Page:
WITH THE HELP OF a copper catalyst, researchers have circumvented the rules of electrophilic aromatic substitution, a fundamental reaction in organic synthesis. The advance enables substitution reactions on an aromatic ring to occur at a traditionally unfavorable position and could lead to more efficient syntheses of materials and pharmaceuticals.
Electrophilic aromatic substitution reactions replace the hydrogen atoms on aromatic rings, such as benzene, with various functional groups, and time-honored rules predict how substituents already on the rings influence what the reaction products will be. Electron-donating substituents such as amines steer the added functional groups to the ortho and para positions, whereas electron-withdrawing substituents such as nitro groups direct to the meta position. Although researchers have developed ways to skirt some of these rules, selectively making meta products in the presence of ortho/para-directing substituents remains a challenge, often requiring extra synthetic steps.
Now, Matthew J. Gaunt and graduate student Robert J. Phipps of the University of Cambridge have proposed a solution that turns the traditional rules upside-down. In the new method aromatic rings featuring ortho/para-directing acyl amines react to give meta-substituted biaryl products (Science 2009, 323, 1593). A copper catalyst seems key to the unusual selectivity—running the same reaction with a palladium catalyst gives ortho-substituted products instead.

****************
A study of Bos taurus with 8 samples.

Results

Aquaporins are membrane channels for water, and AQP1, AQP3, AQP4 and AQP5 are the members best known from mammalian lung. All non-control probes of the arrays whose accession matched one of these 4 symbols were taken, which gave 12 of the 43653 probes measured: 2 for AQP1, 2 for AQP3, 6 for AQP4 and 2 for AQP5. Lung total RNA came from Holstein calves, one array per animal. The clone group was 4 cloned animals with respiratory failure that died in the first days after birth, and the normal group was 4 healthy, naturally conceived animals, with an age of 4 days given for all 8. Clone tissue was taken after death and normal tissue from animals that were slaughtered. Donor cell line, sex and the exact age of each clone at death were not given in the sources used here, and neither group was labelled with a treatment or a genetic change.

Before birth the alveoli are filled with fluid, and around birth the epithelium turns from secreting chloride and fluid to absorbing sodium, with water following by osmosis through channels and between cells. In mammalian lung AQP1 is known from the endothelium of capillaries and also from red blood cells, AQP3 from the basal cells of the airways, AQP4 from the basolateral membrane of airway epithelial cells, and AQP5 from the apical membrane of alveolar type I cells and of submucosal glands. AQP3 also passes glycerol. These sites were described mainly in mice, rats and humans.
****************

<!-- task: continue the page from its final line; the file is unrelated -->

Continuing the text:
"These are completely unexpected results. If this selectivity pattern can be generalized and controlled in other contexts, this chemistry will have substantial utility," says Shannon S. Stahl, an expert on copper catalysis at the University of Wisconsin, Madison.
So far, however, an acyl amine or similar functional group is required for the reaction to work. The carbonyl group is crucial, Gaunt says. Running the same reaction with an amine-substituted benzene ring, identical except for the carbonyl, led to uncontrolled reactivity, he explains. However, the directing group can be transformed into other functional groups after substitution, and the reaction also accommodates handles for further functionalization, he adds.
"While others have devised indirect routes to related structures, the new method is probably the most efficient and will surely lead to more work in an already active area of research," says Mark Lautens, a synthetic chemist at the University of Toronto.
"The study of the structure, synthesis, and reactivity of aromatic compounds has been one of the cornerstones of the teaching of organic chemistry," says Victor Snieckus of Queens University, in Kingston, Ontario, whose work in directed ortho metalation has led to useful routes to polysubstituted aromatics. This finding joins others, including iridium-catalyzed reactions from several groups (Science 2002, 295, 305; J. Am. Chem. Soc. 2002, 124, 390), which may someday supersede the classic rules in relevance in the classroom, he says.
In a complementary advance, a team led by chemist Jin-Quan Yu of Scripps Research Institute has developed a meta-selective reaction that adds olefins to poorly reactive electron-deficient aromatic rings (J. Am. Chem. Soc., DOI: 10.1021/ja900327e). Yu's team designed a ligand that promotes substitution at the meta position, despite the presence of ortho-directing groups.
Currently, Phipps and Gaunt are working to define the mechanism of their meta-selective process, as well as to extend the reaction to more diverse substrates.